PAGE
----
CLEVELAND — Monday’s doubleheader didn’t end the way the Indians wanted, but they got a good start, which continued a trend of recent good starts.
With Justin Masterson throwing a complete-game shutout in the opener and Trevor Bauer giving up just two earned runs in six-plus innings in the second game, Indians starters went 15 2/3 innings and gave up just three runs, two earned, to the Yankees.
Which isn’t half bad.
Go back to the last doubleheader, a day-night split in Kansas City on April 28. The Indians were blown out in the first game 9-0, but something happened between games. Because since then, the starters have been better than good.
Among the numbers:
— An 11-3 record in 16 starts.
— An ERA by the starters in those 16 games of 2.89.
— Only two of those 16 games in which the starters gave up more than three runs — Kluber gave up eight to Detroit last Friday, Masterson gave up five to Minnesota last week. In all the others, the Indians starters gave up three runs or fewer.
— Dismiss the two nights Masterson and Kluber struggled, and in the other 14 starts the ERA is 1.95.
Go down the list. Masterson in that time is 2-0 with a 3.17 ERA. Zach McAllister 2-0 and 1.74. Ubaldo Jimenez is 3-0 and 1.45, Scott Kazmir 2-0 and 2.25, Bauer 1-1 and 1.59.
Managers talk about quality starts and keeping the team in the game and giving the team a chance to win. That’s what the Indians’ starters have done the last 16 games.
Not coincidentally, the Indians are 13-3 in those games.
Monday, the Indians scored one run in two games, but won one because their starter was so good.
“Masty went out and did exactly what you want your ace to do,” manager Terry Francona said. “They loaded up with their lefties and from the very first pitch of the game he had power, he had a breaking ball, he attacked hitters.”
Not only did Masterson win a 1-0 game — the Indians’ only run was on a Jason Kipnis home run — they saved their bullpen, a Francona priority.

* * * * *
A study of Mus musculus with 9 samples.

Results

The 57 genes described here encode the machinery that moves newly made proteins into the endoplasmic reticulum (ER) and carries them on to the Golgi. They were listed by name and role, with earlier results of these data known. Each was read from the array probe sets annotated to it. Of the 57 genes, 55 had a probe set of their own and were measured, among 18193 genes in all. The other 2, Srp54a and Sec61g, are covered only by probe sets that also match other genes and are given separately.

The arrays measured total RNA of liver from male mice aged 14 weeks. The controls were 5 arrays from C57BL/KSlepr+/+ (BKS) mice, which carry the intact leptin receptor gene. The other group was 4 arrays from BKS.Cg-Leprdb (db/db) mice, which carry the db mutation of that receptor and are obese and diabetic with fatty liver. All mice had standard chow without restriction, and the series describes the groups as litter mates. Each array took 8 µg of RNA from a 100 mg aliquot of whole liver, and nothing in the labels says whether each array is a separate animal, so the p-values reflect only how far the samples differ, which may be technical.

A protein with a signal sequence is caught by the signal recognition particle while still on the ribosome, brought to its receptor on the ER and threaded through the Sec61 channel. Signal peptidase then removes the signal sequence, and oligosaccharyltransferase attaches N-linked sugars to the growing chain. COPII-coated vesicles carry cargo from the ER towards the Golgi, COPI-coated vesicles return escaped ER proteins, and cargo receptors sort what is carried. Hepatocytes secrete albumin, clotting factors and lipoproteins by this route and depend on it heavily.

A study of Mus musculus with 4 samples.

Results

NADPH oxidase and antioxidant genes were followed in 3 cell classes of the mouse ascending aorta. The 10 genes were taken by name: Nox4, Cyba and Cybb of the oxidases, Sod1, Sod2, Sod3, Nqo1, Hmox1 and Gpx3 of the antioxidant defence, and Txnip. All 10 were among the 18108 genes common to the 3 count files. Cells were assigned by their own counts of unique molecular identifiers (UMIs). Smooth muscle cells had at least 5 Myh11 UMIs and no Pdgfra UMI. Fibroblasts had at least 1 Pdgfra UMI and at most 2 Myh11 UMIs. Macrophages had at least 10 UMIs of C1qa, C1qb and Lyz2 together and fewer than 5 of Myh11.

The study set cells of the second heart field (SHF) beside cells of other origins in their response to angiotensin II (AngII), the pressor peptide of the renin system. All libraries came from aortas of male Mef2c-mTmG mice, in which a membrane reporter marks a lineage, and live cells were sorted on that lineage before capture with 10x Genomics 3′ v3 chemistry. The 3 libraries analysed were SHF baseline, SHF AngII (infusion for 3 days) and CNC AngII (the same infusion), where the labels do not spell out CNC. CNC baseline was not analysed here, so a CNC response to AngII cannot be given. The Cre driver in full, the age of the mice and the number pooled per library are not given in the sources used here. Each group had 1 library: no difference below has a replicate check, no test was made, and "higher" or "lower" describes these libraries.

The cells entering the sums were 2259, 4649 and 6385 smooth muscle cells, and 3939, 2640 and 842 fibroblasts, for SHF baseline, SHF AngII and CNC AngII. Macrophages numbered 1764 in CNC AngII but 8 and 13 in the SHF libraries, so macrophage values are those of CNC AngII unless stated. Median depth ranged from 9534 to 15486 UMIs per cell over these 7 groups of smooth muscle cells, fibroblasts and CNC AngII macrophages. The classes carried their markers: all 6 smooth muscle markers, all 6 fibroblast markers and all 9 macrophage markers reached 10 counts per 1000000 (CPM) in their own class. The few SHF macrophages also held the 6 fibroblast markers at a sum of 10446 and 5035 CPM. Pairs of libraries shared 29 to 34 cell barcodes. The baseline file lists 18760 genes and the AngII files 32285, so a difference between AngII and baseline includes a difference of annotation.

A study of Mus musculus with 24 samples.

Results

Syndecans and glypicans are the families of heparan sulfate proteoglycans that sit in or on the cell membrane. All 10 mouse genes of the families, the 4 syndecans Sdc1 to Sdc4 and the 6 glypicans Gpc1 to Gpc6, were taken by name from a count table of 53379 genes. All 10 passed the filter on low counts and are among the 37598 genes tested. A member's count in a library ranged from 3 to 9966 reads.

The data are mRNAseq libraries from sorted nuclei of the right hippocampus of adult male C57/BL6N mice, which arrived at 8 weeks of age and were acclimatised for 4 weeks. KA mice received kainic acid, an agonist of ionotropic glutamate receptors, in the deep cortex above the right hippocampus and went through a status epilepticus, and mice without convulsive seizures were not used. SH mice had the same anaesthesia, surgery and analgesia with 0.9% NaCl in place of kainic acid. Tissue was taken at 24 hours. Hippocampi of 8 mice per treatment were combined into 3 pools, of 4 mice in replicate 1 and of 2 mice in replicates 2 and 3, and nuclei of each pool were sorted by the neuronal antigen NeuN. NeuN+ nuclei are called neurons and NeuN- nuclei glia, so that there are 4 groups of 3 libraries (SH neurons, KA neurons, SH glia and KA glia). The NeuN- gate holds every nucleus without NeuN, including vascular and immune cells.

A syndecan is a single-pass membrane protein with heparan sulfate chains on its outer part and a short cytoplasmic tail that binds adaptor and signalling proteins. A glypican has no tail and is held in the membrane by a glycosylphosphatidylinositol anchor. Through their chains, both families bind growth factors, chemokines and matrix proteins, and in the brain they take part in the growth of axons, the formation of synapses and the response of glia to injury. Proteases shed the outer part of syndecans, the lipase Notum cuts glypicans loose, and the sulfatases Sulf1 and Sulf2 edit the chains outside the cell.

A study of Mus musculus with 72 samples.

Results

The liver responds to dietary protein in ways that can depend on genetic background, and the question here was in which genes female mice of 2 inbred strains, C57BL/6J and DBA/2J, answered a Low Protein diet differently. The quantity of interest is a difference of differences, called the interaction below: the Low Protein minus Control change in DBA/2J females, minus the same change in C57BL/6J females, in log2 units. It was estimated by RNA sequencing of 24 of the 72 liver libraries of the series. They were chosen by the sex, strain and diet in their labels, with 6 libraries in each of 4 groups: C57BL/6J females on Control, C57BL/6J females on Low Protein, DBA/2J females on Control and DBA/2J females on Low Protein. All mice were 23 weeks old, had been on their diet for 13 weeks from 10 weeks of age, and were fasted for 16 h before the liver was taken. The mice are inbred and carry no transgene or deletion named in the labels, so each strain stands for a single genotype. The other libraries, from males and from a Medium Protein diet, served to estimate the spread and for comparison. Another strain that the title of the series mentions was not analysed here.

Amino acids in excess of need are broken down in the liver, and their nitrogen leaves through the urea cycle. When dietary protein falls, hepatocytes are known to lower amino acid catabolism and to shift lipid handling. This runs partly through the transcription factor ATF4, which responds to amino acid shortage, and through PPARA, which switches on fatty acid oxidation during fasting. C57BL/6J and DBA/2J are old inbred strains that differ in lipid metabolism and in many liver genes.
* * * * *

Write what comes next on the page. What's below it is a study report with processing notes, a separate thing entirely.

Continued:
In the second game, Bauer gave up an early unearned run, then shut the Yankees down until giving up two in the seventh. But reliever Nick Hagadone was the one who struggled, not Bauer.
“You know what … he keeps them off the scoreboard,” Francona said of Bauer.
Which is pretty much the idea.
“There’s so much to like about him, and he’s still developing,” Francona said. “But even in the midst of that … coming up like he does isn’t the easiest thing to do, and he gives us a chance every time he pitches.”
Pitching coach Mickey Callaway has worked with all the starters — especially Ubaldo Jimenez — on mechanics and some common sense logic. He attributes the recent success to one factor he’s emphasized.
“I think they’re just pounding the zone,” Callaway said over the weekend in Detroit, which means before Masterson’s shutout.
He meant throwing good pitches for strikes and getting ahead in the count. Yankees second-game starter Vidal Nuno — a former Indians draft pick — did that and was able to shut the Indians out for five innings. Francona called it “pitching 101.”
Against the Indians’ entire staff, opponents are hitting .262 (.872 OPS) after a 2-1 count, and .310 (1.224) after a 3-0 count. Reverse it and opponents are hitting .130 (.349 OPS) after the count is 0-2, and .155 (.453) after it’s 1-2.
“If you pound the zone, get ahead, then you’re gonna have success,” Callaway said. “The stuff’s always been there for all of them. They got to go out there and do it, pound the zone. When they do it, they’ll be good.”
And when they’re good, the Indians have a chance — and feel pretty good about themselves even after losing the second game of a doubleheader.
“Add another win to the column,” Nick Swisher said. “Three games in 36 hours, win two out of those three … I don’t feel bad about that.”